The Pennsylvania Turnpike is done with four years of testing and will move full speed ahead with a $129 million project to become a completely cashless toll system by the fall of 2021.
Although the system won’t take cash after that point, the agency expects to continue using toll booths at some exit ramps across the state until 2026. Those booths will record E-ZPass transponder signals or take license-plate photographs so the agency can mail bills to drivers until the agency finishes installing 43 overhead gantries on the main line and Northeast Extension in three phases over the next six years.
The project also means the elimination of jobs for 600 remaining toll collectors and toll auditors, who will have the opportunity to move into other turnpike jobs or take classes at the turnpike’s expense to begin a new career.
“As I sit here today, the pilot phase is behind us,” turnpike CEO Mark Compton said in an interview. “The goal is to have the system completely cashless by the fall of 2021.”
Since 2016, the turnpike has been testing cashless tolling at several spots throughout the state, first at the Delaware River Bridge, followed by the Beaver Valley Expressway, the Keyser Avenue and Clarks Summit interchanges on the Northeast Extension in Lackawanna County, and the Findlay Connector near Pittsburgh International Airport. Just last week, it began cashless tolls at the Gateway Plaza, where traffic from Ohio enters the turnpike in Lawrence County, as well as the Turnpike Route 66 bypass in Westmoreland County.
The turnpike’s newest section under construction, the 13-mile Southern Beltway between Route 22 and I-79 near the Pittsburgh airport, has been designed for cashless tolls.
“I wanted to see the results on the pilots before we flip the switch across the state,” Compton said. “We’ve been able to meet our marks at those locations, so there’s no reason not to move ahead.”
Compton said the cashless sites have been averaging nearly the same collection rate as toll booths: about 92%, with 83% of payments by E-ZPass and 9% via Toll By Plate. Five percent of the remainder are Toll By Plate motorists who haven’t paid and 3% are unbillable.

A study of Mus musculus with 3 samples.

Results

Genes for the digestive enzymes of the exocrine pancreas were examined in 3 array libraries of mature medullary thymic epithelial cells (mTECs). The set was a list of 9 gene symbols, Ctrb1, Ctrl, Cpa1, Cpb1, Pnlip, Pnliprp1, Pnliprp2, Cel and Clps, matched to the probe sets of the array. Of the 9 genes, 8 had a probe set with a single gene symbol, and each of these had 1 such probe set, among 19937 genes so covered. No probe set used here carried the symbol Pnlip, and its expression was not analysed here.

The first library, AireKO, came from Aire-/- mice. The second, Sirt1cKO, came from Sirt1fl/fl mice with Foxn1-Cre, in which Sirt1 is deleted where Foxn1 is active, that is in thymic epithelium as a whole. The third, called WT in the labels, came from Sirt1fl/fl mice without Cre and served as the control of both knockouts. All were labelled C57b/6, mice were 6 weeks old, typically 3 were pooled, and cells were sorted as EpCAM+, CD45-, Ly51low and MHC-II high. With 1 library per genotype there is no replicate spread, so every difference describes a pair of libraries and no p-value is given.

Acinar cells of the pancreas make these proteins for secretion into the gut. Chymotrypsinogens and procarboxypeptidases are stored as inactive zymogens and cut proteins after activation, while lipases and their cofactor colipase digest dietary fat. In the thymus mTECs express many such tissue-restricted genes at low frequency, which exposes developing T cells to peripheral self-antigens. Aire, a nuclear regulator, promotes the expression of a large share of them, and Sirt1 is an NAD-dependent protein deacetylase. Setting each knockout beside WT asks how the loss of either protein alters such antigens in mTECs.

The turnpike currently loses some money at toll booths when motorists without E-ZPass drive through the cashless lane and refuse to pay mailed bills.
Turnpike workers have had more than five years to prepare, and most of those displaced so far have been transferred to vacant positions elsewhere in the system. Layoffs are expected in the next round of changes.
When the tollway goes cashless, turnpike employment is projected to be about 1,300, down from about 1,900.
“We’re no longer able to guarantee jobs after January 2022,” Compton said. “Understanding these people have families, we’ve tried to do what we can to help them prepare.”
For several years, workers whose jobs will be eliminated have been eligible for up to $5,250 a year in tuition credits to take classes to qualify for other turnpike or state jobs or study for a new career.
“We get it. It’s part of technology,” said Dan Kozel, business agent for Teamsters Local 250 in Pittsburgh, which represents toll collectors in the west. “We’d rather have our people working. But they did look out for them by offering training.”
Kozel said the union is skeptical the turnpike will get planned savings by staff cuts because he expects more out-of-state drivers without E-ZPass to refuse to pay. The agency has had a difficult time enforcing violations because many states won’t turn in their drivers.
Compton said the turnpike expects to have mainline gantries to replace toll booths at exits in eastern Pennsylvania by 2022, followed by the central section in 2024 and the west in 2026. The eastern section already has fiber-optic systems to transmit transponder reports and license photographs; those improvements will occur in the other sections as the turnpike eliminates toll booths.
The locations of the gantries for the east already are being designed and a construction contract is expected to be awarded in late summer. There will be one gantry at each site instead of two because new technology allows a transponder receiver and license-plate camera on the same platform.
Once the gantries are installed, the turnpike will remove the toll booths and redesign many exits so traffic uses only two lanes.